Dispelling myths about school-led teacher training

Myth: “I’ll get thrown in the deep end, teaching classes by myself early on.”

Fact: You are part of a team from the start and receive intensive support from experienced teachers in the classroom. You won’t be teaching classes unsupported until the school thinks you are ready, and opportunities will exist to build networks with fellow trainees.

Myth: “I’ll only train in one school – I want something broader than this.”

Fact: To become a qualified teacher, you have to take training placements in two schools. Trainees will train in at least two schools – and will usually spend time in other schools too.

Myth: “There’s no academic or theoretical training. I won’t get a PGCE.”

Fact: You will spend plenty of time in academic training, comparable to the university-led route. Most school-led courses result in a master’s-level qualification such as aPGCE as well as qualified teacher status (QTS).

Myth: “Don’t most people just go to university to do teacher training?”

Fact: School-led routes into teaching have been around for many years, and have very high rates of trainee satisfaction. Last year a third of postgraduate teacher training places were school-led; for 2015/16 it will be over half.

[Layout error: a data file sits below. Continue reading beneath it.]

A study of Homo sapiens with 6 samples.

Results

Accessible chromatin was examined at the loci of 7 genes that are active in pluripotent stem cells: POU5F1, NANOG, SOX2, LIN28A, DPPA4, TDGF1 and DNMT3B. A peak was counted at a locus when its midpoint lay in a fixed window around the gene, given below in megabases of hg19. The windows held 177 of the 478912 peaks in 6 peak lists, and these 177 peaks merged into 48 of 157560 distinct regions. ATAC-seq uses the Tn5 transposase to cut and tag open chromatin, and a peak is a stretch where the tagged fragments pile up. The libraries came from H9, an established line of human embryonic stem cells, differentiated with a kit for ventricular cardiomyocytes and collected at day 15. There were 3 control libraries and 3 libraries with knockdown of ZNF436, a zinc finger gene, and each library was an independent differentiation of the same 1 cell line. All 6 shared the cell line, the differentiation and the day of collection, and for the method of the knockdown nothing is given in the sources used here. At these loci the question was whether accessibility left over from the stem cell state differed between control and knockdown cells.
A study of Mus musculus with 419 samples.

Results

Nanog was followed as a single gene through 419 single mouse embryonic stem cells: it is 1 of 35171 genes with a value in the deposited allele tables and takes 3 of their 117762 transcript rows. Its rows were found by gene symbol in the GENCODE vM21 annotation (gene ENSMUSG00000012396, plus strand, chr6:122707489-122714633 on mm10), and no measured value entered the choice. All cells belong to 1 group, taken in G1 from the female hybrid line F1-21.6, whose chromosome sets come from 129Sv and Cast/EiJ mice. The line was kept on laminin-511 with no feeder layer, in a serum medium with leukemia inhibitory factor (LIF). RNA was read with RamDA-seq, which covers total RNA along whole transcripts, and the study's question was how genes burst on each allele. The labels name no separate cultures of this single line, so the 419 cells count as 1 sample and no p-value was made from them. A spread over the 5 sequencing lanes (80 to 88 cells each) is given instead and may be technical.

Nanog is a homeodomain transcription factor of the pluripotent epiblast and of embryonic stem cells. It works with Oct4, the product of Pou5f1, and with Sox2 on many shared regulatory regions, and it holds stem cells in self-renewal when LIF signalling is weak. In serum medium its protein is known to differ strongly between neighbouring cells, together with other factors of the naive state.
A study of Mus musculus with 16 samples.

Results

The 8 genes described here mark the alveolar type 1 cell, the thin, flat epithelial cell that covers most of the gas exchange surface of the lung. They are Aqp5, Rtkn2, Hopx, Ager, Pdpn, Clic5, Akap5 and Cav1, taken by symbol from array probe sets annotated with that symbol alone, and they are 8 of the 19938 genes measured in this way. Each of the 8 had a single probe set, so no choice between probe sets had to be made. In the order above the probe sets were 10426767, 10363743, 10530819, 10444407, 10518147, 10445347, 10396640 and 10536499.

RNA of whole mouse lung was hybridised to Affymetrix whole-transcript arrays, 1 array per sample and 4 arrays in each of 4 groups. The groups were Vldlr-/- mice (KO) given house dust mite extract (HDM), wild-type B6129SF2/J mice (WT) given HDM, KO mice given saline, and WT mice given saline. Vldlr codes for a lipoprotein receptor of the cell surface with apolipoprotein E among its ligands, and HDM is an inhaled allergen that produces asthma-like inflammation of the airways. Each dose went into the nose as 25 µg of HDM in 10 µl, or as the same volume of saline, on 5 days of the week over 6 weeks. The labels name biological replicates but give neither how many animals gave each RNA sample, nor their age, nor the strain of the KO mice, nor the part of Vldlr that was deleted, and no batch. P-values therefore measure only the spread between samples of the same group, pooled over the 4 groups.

Myth: “I won’t receive the same level of financial support that I would following a university-led path to teaching.”

Fact: School-led financial support is the same as for the traditional university-led path. There is also, unique to the school-led route, a salaried scheme for career changers called School Direct (salaried).

Myth: “I’m not sure whether School Direct is for people thinking of switching career.”

Fact: People with three or more years of work experience can apply for the School Direct (salaried) programme, on which you are paid a salary while you train, though you won’t qualify for a bursary. However, you can also apply to the standard School Direct training programme, for which training bursaries are available.

Myth: “School Direct is the same as Teach First.”

Fact: School Direct is different from Teach First – Teach First trains 2,000 outstanding graduates in selected challenging schools. You apply directly to Teach First. School Direct has around 17,500 places available in schools of all types across the country. You apply for School Direct through UCAS Teacher Training.

Myth: “SCITTs are the same as School Direct.”

Fact: SCITTs are schools which have been given government approval to run their own training courses. They can be searched for under ‘SCITT programme’ on UCAS. Many SCITTs and around 8,000 schools also offer School Direct programmes which can be searched for under ‘School Direct training programme’ and ‘School Direct training programme (salaried)’ on UCAS.